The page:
Overpopulation

He could feel her glare as he drove their sedan away from the quiet, suburban street.  They passed snow covered trees surrounding picturesque stone houses and rode over rock salt, plenty of it sure to stick between tire treads.  Soon they’d be back in the city, where a layer of litter hid beneath the snow for now, until the sun would eventually reveal it, dirtier than ever.

“What did you think of the name?”

She waited a few moments before answering him.  “I like it.”

They rode in silence for a few minutes before he broke it.  He knew he should apologize for what happened earlier, and yet, he said, “Look, there’s no reason to have a coed baby shower.”

“What’s that got to do with anything?  I didn’t see any other husbands there making a scene!”

“I didn’t make a scene.  The guy asked what I do for a living and I told him.”

“Yeah, I know, Mark, I know.”  She raised her voice.  “I know all about it.  You told him you’re studying overpopulation and its effect on global resources.  You told him your conclusion: two kids per family.  Didn’t you know he and his wife have four kids?”

“No, I didn’t.”

“Couldn’t you have just said you’re a scientist?  I mean, why would you bring up overpopulation at a baby shower?  Don’t you think maybe it’s, um, I don't know, not the best topic?”

“Alright, alright.  I’m sorry.  I’ll call the guy tomorrow and apologize.  I certainly didn’t mean for the conversation to turn toward vasectomies.”

“Okay, fine.  Just so you know I was mortified when I heard the two of you shouting all the way from the kitchen, but it’s fine, I’ll get over it.”

“Thanks Sheila.”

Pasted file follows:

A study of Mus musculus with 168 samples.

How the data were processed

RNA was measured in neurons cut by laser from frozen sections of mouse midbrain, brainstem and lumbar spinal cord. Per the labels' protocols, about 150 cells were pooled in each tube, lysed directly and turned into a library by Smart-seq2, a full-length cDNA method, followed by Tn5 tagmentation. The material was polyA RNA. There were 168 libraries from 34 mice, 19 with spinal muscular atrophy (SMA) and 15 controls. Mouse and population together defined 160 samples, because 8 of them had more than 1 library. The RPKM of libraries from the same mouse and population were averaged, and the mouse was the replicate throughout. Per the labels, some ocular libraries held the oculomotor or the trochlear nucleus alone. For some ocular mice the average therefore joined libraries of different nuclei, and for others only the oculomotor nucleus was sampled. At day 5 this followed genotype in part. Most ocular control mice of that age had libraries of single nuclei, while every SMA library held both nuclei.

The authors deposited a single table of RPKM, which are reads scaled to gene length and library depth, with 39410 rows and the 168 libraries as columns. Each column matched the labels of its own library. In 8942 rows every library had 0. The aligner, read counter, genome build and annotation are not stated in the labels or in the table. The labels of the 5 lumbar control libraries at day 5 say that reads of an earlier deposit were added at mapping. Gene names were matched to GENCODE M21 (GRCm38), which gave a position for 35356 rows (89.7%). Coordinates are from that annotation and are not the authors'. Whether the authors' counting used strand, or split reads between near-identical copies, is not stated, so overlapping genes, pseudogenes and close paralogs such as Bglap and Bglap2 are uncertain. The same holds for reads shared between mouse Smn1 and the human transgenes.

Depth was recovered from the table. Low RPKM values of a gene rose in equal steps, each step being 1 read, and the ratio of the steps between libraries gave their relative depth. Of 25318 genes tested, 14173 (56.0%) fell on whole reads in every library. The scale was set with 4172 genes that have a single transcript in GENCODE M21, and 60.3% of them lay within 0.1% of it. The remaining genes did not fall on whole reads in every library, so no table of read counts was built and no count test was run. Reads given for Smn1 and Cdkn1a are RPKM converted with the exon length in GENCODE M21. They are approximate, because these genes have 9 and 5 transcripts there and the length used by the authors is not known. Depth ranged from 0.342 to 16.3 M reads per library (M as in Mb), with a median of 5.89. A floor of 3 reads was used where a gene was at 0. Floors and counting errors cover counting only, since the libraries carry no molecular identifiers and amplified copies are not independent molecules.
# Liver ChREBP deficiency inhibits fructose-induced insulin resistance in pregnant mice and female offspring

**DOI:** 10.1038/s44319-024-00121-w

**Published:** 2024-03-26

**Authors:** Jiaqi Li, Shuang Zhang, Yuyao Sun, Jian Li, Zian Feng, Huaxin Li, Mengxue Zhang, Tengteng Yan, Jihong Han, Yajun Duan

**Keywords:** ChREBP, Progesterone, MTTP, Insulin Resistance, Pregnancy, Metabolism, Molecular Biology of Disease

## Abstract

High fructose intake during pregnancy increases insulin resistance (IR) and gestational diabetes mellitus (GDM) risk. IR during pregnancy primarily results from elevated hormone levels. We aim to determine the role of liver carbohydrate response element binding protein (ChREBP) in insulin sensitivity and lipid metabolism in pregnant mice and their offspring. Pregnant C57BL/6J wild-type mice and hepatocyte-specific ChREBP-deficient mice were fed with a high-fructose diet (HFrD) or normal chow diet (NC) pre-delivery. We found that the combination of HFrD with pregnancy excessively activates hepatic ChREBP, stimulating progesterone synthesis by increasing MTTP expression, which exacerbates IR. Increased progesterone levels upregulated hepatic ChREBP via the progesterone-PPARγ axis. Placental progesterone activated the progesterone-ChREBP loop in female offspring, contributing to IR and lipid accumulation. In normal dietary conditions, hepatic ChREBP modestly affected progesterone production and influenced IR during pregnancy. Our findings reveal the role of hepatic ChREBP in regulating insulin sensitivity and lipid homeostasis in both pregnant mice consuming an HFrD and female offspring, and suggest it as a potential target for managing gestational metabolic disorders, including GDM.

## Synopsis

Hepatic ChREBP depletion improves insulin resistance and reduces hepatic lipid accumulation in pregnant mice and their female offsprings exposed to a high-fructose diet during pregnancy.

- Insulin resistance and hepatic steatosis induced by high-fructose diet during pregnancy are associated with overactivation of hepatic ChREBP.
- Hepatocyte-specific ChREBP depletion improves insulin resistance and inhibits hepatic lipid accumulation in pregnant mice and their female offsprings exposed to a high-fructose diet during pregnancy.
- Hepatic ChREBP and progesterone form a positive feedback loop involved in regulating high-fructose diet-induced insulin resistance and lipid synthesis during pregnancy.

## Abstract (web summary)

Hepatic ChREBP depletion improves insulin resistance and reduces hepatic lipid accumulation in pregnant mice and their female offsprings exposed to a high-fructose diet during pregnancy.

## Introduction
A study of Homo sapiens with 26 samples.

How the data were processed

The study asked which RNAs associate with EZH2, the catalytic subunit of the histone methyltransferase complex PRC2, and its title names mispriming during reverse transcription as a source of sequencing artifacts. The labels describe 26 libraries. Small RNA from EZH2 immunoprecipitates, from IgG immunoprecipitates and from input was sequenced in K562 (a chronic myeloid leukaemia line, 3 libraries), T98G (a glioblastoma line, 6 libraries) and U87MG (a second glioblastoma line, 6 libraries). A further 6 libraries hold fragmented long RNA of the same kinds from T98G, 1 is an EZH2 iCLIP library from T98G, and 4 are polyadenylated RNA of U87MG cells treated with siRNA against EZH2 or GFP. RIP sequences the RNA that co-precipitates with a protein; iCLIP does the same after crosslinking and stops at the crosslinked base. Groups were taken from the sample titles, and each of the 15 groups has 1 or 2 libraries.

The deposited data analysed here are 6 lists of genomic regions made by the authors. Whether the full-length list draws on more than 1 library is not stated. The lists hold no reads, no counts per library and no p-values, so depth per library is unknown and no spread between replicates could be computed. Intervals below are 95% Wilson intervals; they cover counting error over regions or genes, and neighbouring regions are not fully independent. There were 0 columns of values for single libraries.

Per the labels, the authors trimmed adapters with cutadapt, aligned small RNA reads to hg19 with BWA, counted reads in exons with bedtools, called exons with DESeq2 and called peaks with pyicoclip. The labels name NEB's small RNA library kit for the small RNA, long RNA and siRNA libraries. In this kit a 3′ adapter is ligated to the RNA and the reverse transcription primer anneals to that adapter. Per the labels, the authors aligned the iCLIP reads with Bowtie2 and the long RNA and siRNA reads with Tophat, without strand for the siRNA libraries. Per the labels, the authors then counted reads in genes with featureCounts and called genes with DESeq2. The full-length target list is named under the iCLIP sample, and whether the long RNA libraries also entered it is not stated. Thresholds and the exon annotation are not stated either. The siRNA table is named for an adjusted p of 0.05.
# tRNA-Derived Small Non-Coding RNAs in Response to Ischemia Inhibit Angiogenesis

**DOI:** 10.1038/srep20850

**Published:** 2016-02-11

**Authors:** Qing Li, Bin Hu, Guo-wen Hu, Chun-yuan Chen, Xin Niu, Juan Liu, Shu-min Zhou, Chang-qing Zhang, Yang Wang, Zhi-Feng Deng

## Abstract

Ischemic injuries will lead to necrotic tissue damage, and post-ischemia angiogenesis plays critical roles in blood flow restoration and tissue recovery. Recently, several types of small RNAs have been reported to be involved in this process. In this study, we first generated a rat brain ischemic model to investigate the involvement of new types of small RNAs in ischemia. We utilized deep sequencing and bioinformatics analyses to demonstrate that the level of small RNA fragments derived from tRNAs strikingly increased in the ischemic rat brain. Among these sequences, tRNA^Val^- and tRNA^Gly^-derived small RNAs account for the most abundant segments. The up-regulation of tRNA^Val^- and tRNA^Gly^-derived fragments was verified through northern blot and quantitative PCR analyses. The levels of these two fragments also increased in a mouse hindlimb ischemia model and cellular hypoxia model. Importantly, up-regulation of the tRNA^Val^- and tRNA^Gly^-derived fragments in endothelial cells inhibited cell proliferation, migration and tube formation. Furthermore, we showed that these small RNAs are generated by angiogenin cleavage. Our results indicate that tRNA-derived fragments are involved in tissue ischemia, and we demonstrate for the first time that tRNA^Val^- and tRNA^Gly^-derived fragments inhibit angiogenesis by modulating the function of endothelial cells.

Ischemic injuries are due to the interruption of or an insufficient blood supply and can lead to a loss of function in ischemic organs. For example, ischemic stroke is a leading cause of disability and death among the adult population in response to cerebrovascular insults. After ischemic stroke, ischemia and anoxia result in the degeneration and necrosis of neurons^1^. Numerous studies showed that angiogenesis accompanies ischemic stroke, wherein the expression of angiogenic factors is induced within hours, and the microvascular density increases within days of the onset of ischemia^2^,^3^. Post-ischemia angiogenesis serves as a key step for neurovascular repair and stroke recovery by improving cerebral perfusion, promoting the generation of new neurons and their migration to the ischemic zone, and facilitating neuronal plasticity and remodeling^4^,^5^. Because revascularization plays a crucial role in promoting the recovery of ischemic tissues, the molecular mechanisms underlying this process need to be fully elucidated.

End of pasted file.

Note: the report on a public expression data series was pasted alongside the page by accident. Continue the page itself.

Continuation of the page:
They took the Broad Street exit and were on their way home when he suggested they head to Chinatown for an early dinner.  He agreed to stop at her favorite place rather than his, and they were on good terms once again.  His fortune cookie, full of wisdom, told him there's a time to swallow pride.  He thought of China’s one-child-per-family policy and decided he stood firmly against it, though he would’ve understood if the limit were set at two.  He himself had always wanted at least three children, but he’d never told anyone, not even his wife.

9 comments:

  1. A nice bit of irony at the end, Richard. I could really feel the tension in the car. Well done.



    Loved the dialogue, very believable. ^_^




    I enjoyed the read Richard, there's a blend of humour in there along with the home truths.




    Thanks, Steve, I always enjoy and appreciate your comments. I love to hear that you found both humor and truth in this one.

    Brinda, welcome and thank you so much for your comment. I wanted these folks to seem like a real couple, so it was great to read your opinion that they came off as such.

    Thanks, Icy! "Well written" means a lot coming from you because I love your writing style. I agree, some people don't choose their moments very well, and also sometimes conversations veer in directions toward which we didn't ever intend them to go.